Terra Cognita

Newsletter of the Society for the History of Discoveries

Page 13

May 2006

of the Washington Map Society.

William R. Stanley has been very busy this past year while collecting frequent flyer miles. On September 21, 2005, he presented a paper in Natal, Brazil entitled “Globalization Hits Home – A Rural County in the Southeastern United States Faces Hard Realities,” On December 1, at the International Geographical Union meeting in Sarajevo, Bosnia, he read “Dayton’s Potemkin Village,” and a week later, he was in Riyadh, Saudi Arabia, where at the First International Nursing Congress, he presented “Less Publicized Costs of Inadequate Emergency Health Services in Rural Areas – Examples from Saudi Arabia and South Carolina.” Between January 14 and March 10, Bill conducted research in Namibia.

Richard Stephenson wrote: “I remained active in 2005, both professionally and in community affairs. I delivered the II Voorhees Lecture in the History of Cartography on April 9th at the Library of Virginia in Richmond. My topic was an overview titled “Mapping of the American Civil War.” I was asked to repeat the lecture at Shenandoah University’s Knowledge Point on November 5th. In October at the SHD conference in Williamsburg I made a powerpoint presentation: “The Remarkable Dr. Thomas Walker: An Explorer, Surveyor, and Mapmaker of Virginia’s Back-country.” The March 2005 edition of North and South published my article entitled “General Lee’s Forgotten Map-maker: Major Albert Campbell and the Department of Northern Virginia’s Topographical Department.” This year I began work on an exhibit on the Confederate mapmaker Jed Hotchkiss and his mapping of the Shenandoah Valley. The exhibit will be held in 2007 at the Museum of the Shenandoah Valley in Winchester, Virginia.

Locally, I continue on the board of the French and Indian War Foundation, and as an instructor and member of the advisory committee, Shenandoah University’s Center for Lifelong Learning, and in November, I finished my tenth and final year on the Handley Regional Library’s board of directors. I am also an academic adviser to the Library of Congress’ Philip Lee Phillips Society.”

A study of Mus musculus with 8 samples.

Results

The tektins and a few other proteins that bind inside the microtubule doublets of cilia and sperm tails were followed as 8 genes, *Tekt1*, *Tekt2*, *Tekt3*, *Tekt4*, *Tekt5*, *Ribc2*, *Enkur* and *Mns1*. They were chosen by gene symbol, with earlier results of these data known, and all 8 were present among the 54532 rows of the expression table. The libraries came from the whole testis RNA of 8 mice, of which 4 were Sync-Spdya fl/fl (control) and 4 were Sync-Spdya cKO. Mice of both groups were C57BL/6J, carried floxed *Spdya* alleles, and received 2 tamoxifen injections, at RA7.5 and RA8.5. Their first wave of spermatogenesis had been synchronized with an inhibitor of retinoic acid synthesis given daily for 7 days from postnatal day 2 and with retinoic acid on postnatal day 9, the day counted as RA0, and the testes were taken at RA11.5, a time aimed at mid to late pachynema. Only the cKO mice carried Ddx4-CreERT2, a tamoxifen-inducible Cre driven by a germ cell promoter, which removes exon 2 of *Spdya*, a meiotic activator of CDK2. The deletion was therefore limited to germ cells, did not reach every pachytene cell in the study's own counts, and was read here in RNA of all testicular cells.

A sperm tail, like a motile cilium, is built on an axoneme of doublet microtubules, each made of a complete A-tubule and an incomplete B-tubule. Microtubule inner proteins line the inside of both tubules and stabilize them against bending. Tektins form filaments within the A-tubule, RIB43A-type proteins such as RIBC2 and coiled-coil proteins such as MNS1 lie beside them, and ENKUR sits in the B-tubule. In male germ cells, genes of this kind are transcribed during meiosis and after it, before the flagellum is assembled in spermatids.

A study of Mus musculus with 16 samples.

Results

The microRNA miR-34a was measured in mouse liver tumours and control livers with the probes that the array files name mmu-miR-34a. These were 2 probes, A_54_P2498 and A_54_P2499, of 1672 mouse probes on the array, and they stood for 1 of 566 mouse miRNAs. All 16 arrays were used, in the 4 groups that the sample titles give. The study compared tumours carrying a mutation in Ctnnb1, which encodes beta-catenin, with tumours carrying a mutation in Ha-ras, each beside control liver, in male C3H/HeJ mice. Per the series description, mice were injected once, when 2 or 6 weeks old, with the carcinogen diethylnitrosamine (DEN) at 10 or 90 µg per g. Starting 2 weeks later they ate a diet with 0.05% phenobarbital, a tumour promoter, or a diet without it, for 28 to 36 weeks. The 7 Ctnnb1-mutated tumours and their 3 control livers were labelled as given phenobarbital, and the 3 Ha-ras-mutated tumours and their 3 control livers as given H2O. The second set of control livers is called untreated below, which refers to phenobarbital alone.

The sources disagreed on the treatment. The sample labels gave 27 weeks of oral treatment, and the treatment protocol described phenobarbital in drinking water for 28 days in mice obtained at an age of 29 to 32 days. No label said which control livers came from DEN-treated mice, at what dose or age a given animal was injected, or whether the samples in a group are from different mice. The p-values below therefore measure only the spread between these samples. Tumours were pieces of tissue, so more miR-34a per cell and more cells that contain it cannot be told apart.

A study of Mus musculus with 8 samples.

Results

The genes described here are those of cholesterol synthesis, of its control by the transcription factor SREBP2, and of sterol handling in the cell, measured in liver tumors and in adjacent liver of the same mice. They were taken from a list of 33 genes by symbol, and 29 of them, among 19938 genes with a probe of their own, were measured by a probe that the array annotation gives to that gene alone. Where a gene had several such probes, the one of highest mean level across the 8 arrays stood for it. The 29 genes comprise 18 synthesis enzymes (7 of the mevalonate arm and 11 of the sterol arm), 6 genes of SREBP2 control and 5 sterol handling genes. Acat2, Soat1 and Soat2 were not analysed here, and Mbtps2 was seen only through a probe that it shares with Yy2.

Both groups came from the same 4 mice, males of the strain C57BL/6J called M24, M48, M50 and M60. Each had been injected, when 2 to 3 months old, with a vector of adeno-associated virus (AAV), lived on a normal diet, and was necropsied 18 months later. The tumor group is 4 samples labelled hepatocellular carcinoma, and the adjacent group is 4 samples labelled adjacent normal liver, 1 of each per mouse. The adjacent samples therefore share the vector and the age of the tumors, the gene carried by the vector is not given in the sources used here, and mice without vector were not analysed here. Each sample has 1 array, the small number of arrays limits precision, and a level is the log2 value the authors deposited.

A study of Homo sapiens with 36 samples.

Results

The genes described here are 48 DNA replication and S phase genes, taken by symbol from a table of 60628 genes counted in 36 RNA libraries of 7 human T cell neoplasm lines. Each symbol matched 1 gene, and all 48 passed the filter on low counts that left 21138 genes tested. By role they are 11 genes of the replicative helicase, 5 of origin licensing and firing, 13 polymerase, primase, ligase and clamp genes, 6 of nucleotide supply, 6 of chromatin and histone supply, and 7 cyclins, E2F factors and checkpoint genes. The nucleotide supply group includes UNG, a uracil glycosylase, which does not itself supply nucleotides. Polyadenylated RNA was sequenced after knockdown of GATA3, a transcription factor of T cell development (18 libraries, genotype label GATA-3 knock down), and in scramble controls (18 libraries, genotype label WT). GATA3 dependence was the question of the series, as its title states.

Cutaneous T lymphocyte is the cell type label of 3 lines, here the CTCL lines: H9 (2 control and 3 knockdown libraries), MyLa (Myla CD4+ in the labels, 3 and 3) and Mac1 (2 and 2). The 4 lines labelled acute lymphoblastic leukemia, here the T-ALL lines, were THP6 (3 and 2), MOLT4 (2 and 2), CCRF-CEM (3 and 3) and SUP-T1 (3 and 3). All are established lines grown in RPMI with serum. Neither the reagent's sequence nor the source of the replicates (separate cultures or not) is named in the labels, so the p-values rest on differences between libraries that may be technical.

Daniel Terkla published “The Original Placement of the Hereford Map,” in Imago Mundi (56.2, July 2004, pp. 1-21), and his article “Ocular Pilgrimages: Teaching

with the Hereford Map” will be forthcoming in Geotema. Daniel also wrote the entries on William of Rubruck and Ludovico de Varthema for The Oxford Companion to World Exploration. He gave a talk as part of the Maps & Society Lecture Series at the Warburg Institute in London in January 2006. He is involved with three sessions he has organized at the International Medieval Congress to be held at the University of Leeds in July 2006. He also will present “The Voices of Those not Present: Speaking the Hereford Map” at the 41st Annual International Congress on Medieval Studies at West-ern Michigan University in May 2006.

Gunnar Thompson sent this message: “This has been an exciting year for scholars researching ancient Chinese voyages to the New World. My presentation on Marco Polo and the Yuan dynasty foundation of the New World mapping was well received at the May 16, 2005 16th Zheng He Symposium at the Library of Congress. I am serving my second year as cartographic consultant to British author Gavin Menzies and the 1421 Team. His book and website have resulted in a widespread search for new evidence; and this has led to several ancient Chinese maps documenting Zheng He’s New World expeditions. I have led the authentication effort of these maps with respect to their morphological and thematic place in the overall history of cartography. It is now apparent that Portuguese authorities obtained Chinese maps that aided in their first voyage to India and their efforts to mislead Columbus. I have also recently uncovered cartographic evidence of Francis Drake’s discovery of the Golden Gate and San Francisco Harbor in 1579. This year (2005) also witnessed publication of the discovery of ancient Chinese coins at an archaeological site near my home on the Olympic Peninsula of Washington State. My book on Marco Polo’s secret voyages to the New World will be published in 2006. Further details can be found at the website: http://marcopolovoyages.com.”

John Thrower wrote: “My paper on Colonial Nombre de Dios, presented at the SHD meeting in 2000 and published in Terrae Incognitae (vol. 33, 2001), drew attention to the unique opportunity for colonial archaeology at this important site which is in danger of destruction. Hence, I am very pleased that the College of William and Mary in Williamsburg, VA, plans a full archaeological examination that should start in 2006.